Italian cathedral unveils magnificent mosaics
Called “the most beautiful, the greatest and most magnificent floor” ever created, the sweeping marble panels which make up the floor of the Siena Cathedral in Italy are so spectacular that they are unveiled for just a few weeks each year.
Recently, the stunning Renaissance mosaics were revealed, giving visitors a chance to glimpse scenes local artists worked centuries to create.
They depict vivid stories from the Bible and classical antiquity, in black, white, green, red and blue marble, with some dating back to the 14th century.
The marble mosaics cover the entire floor of the cathedral.
Most of the panels, created between the 14th and 16th centuries, have a rectangular shape, but the later ones are hexagons or rhombuses.
They represent many different concepts, including the sibyls, scenes from the Old Testament, allegories and virtues.
In a later stage marble of different colors were used.
Among the oldest mosaics is the “She-Wolf of Siena,” executed around 1373, which shows the wolf suckling infants Romulus and Remus. Legend has it that while Romulus founded Rome, Siena was founded by Remus’ son, Senius, according to the wire service.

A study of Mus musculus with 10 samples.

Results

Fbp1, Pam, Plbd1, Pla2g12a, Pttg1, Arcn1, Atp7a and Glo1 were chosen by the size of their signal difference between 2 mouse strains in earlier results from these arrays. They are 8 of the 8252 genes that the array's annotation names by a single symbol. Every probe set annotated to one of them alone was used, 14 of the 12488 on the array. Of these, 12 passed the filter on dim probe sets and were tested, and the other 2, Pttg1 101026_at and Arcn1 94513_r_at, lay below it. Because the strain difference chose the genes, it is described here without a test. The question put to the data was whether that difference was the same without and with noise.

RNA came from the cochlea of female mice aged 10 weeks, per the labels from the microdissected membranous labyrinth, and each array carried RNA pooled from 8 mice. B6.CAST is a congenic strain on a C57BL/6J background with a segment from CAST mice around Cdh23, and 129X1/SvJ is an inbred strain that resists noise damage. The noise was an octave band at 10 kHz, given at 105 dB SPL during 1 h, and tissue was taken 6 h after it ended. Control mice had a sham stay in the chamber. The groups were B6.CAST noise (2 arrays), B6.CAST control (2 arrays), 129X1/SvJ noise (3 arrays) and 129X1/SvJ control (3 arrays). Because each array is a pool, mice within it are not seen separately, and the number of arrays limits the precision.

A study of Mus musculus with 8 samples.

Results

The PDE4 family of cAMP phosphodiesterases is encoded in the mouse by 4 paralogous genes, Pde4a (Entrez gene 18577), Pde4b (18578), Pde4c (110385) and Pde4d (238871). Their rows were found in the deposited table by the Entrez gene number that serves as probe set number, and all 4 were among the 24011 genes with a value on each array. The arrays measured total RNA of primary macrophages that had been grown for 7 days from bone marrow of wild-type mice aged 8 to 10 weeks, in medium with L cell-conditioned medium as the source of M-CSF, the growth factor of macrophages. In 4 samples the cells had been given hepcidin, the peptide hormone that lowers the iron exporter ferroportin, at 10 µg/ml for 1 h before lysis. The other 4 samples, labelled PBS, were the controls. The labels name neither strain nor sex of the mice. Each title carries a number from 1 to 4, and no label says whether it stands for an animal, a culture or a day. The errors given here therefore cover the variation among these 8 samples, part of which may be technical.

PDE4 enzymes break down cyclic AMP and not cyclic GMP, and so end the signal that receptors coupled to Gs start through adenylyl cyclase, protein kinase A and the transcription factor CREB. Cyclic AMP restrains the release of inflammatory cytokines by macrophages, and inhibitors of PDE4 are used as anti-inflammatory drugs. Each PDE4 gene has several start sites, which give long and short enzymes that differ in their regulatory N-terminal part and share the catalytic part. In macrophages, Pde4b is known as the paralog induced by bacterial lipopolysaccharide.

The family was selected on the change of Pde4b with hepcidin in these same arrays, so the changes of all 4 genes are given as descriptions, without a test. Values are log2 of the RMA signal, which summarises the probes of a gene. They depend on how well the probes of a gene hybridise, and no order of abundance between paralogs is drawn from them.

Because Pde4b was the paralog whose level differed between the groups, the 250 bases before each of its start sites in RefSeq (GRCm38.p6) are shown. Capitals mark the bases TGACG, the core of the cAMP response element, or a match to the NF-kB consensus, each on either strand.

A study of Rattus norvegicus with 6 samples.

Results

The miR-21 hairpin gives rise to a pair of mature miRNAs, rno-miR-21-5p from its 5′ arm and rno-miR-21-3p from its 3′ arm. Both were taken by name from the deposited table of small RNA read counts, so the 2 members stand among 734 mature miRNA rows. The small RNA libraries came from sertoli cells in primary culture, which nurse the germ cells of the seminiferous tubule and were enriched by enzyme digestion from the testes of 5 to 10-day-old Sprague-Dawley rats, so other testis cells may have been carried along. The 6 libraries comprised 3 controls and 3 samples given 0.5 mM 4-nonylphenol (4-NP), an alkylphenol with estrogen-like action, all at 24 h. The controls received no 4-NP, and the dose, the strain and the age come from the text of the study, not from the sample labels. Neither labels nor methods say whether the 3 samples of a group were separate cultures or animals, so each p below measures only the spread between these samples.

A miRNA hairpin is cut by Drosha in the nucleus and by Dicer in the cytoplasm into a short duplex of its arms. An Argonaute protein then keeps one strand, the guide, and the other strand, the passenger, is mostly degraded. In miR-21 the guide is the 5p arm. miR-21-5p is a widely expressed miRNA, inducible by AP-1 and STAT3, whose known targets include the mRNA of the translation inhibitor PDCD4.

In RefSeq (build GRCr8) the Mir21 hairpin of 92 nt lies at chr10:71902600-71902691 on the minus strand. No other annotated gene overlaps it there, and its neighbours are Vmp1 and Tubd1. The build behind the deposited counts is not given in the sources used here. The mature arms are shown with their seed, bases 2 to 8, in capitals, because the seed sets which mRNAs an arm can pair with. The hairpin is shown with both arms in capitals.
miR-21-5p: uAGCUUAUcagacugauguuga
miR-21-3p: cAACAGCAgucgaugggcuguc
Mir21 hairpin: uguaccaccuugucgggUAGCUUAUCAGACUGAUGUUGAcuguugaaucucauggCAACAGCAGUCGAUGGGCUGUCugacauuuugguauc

“The panels’ iconography is very unusual. Even though they are scenes depicted on the floor of a cathedral, many of them tell the stories of profane characters,” art historian Marilena Caciornia told Agence France-Presse.
“The Sibyls, for example, are typical characters from classical antiquity linked to Apollo,” she said.
The Cumaean Sibyl, depicted on the cathedral floor by artist Giovanni di Stefano, was lusted after by the god Apollo: legend has it that when she refused him he cursed her by giving her eternal life, without eternal youth.
“Other highly-prized panels include “Moses on Mount Sinai,” designed by Sienese artist Domenico Beccafumi, who was renowned for his technique of using different gradations in the marble inlays to obtain chiaroscuro effects,” according to the wire service.
The cathedral itself was originally designed and completed between 1215 and 1263.
The mosaics have proven inspirational over the centuries. When German composer Richard Wagner visited, he was reportedly “moved to tears,” according to a letter written by his wife Cosima in 1880.
The floor is uncovered for a short period each year, following the Palio di Siena horse race, a medieval dash which attracts thousands of tourists. This year the floor will remain uncovered until late October.
(Above: A close-up detail of one of the mosaics on the floor of the Siena Cathedral in central Italy. Photo Credit: Agence France-Presse.)